As Pride Month in Hawaii wrapped up last month, I reflected on the increase in media attention for LGBTQ+ issues, compared to last year.

NOTE: pick the correct link

Maybe the uptick in news is because the Pride Movement began 50 years ago in a New York City bar called the Stonewall Inn — and news organizations love an “anniversary.”

Or maybe it’s because people across the country are more aware of culture and identity issues in general — so there’s a public appetite for content about different cultures and communities.

Even Gov. David Ige has recently supported Hawaii’s LGBTQ+ community by signing several bills including one granting visibility for gender non-binary people — letting drivers select “X” as the gender on their driver’s license. I applaud Ige’s action and Civil Beat for publishing pieces like “Why Gender Neutral Driver’s Licenses Are So Important.”

I also recognize that there is a small action I can take to support gender-fluid and gender non-conforming people — it’s free and relatively easy, too.

I can — and did — put two simple words after my name in my work email signature: she/her. On my professional LinkedIn profile, too.

You might wonder how this helps anyone, especially gender non-binary people.

I’m what you would call a cisgender person — I’m a woman whose identity aligns with the female sex I was assigned at birth. I do not transcend gender. And that’s exactly the point.

GLBT rainbow. 27 april 2015. photograph Cory Lum/Civil Beat
Showing pride at the Hawaii State Capitol in 2015. Cory Lum/Civil Beat/2015

People who live outside of male and female gender categories often continually “come out” as transgender or gender-fluid, and respond to blunt questions like “Are you a girl or a boy?” (A better question is “Which pronoun do you prefer?”) Some gender non-binary people prefer the pronoun “she/her” or “he/him,” and others prefer gender-neutral pronouns “they/their” or even “ze/zir” instead. It’s brave.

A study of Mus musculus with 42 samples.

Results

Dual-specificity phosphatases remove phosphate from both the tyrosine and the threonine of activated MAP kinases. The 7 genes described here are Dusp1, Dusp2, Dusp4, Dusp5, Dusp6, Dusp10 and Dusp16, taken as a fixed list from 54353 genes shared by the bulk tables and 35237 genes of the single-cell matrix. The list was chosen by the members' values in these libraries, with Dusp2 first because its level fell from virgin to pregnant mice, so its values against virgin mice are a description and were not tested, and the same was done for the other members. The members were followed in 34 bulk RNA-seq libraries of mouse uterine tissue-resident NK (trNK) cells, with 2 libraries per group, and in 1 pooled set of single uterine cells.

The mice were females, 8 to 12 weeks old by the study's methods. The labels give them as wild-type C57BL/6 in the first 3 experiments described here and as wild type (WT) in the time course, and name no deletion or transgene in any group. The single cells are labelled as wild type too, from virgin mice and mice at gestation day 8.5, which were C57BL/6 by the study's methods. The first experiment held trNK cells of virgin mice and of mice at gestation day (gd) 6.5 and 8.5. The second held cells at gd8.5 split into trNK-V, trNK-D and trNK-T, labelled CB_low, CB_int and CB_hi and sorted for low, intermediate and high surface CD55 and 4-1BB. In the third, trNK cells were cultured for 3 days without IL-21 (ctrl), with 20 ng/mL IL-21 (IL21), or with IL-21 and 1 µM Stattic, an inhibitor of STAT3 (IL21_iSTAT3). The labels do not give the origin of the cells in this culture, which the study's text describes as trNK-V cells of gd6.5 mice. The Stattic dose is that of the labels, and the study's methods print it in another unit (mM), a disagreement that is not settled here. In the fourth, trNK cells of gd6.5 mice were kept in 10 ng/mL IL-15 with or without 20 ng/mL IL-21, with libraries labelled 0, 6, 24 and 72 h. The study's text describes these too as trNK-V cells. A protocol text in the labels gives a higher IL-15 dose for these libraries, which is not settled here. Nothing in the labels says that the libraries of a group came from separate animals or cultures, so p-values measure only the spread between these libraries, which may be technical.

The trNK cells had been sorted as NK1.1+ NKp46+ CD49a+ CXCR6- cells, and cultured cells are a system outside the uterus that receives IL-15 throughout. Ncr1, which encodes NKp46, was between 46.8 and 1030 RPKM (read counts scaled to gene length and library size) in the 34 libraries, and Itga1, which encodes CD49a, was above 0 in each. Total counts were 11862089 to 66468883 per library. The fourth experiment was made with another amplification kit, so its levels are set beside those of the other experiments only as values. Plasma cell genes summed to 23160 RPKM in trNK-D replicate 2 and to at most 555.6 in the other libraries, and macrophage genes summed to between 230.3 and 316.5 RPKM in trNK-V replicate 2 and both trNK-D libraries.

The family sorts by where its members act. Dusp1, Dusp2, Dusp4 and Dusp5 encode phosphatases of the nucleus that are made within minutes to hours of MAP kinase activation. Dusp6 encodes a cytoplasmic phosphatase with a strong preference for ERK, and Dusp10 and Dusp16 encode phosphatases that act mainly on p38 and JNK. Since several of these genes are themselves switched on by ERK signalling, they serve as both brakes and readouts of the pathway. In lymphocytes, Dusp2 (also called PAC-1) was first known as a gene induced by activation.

It’s also risky. According to the National Center for Transgender Equality, more than three-fourths of transgender people have experienced some form of workplace discrimination, and more than one in four have lost a job because of bias.

It’s About Self-Esteem

You might wonder why “they” come out at all. I think it’s true that most people feel better when their friends, family, and co-workers understand who they are — and the research backs me up on this: Teens who are open about their sexuality and gender identity have higher self-esteem and lower rates of depression when compared to those who stay in the closet.

Now that I’ve specified my pronouns in my professional email signature by adding “she/her,” I’m helping to create a new normal, where your pronoun is not assumed because of the way you look or dress.

And this actually helps reduce misgendering for everyone — not just those with non-binary gender. (My former colleague Lou — short for Louise—endured years of gender mis-attribution in email, until she added her pronoun preferences.) Email signatures that include pronouns reduce the likelihood of this kind of mistake, and the resulting awkward “correction conversation.”

As more workplaces in Hawaii declare that inclusivity is important, this is a simple practice that many can encourage or adopt. It takes very little effort — and again — it doesn’t cost a thing.

It’s a small action that adds momentum to a larger cultural shift — where every LGBTQ+ person gets to be visible for who they are — and not just after work in a gay bar.


  • Cat Howland
    Cat Howland is the associate director of communications at the Hawaii Community Foundation. She has lived in Hawaii for five years and believes that community spaces with diversity of race, gender, age, ability and politics make us all smarter and more awesome. She was guided by the UCSF Lesbian, Gay, Bisexual and Transgender Resource Center when crafting her email signature.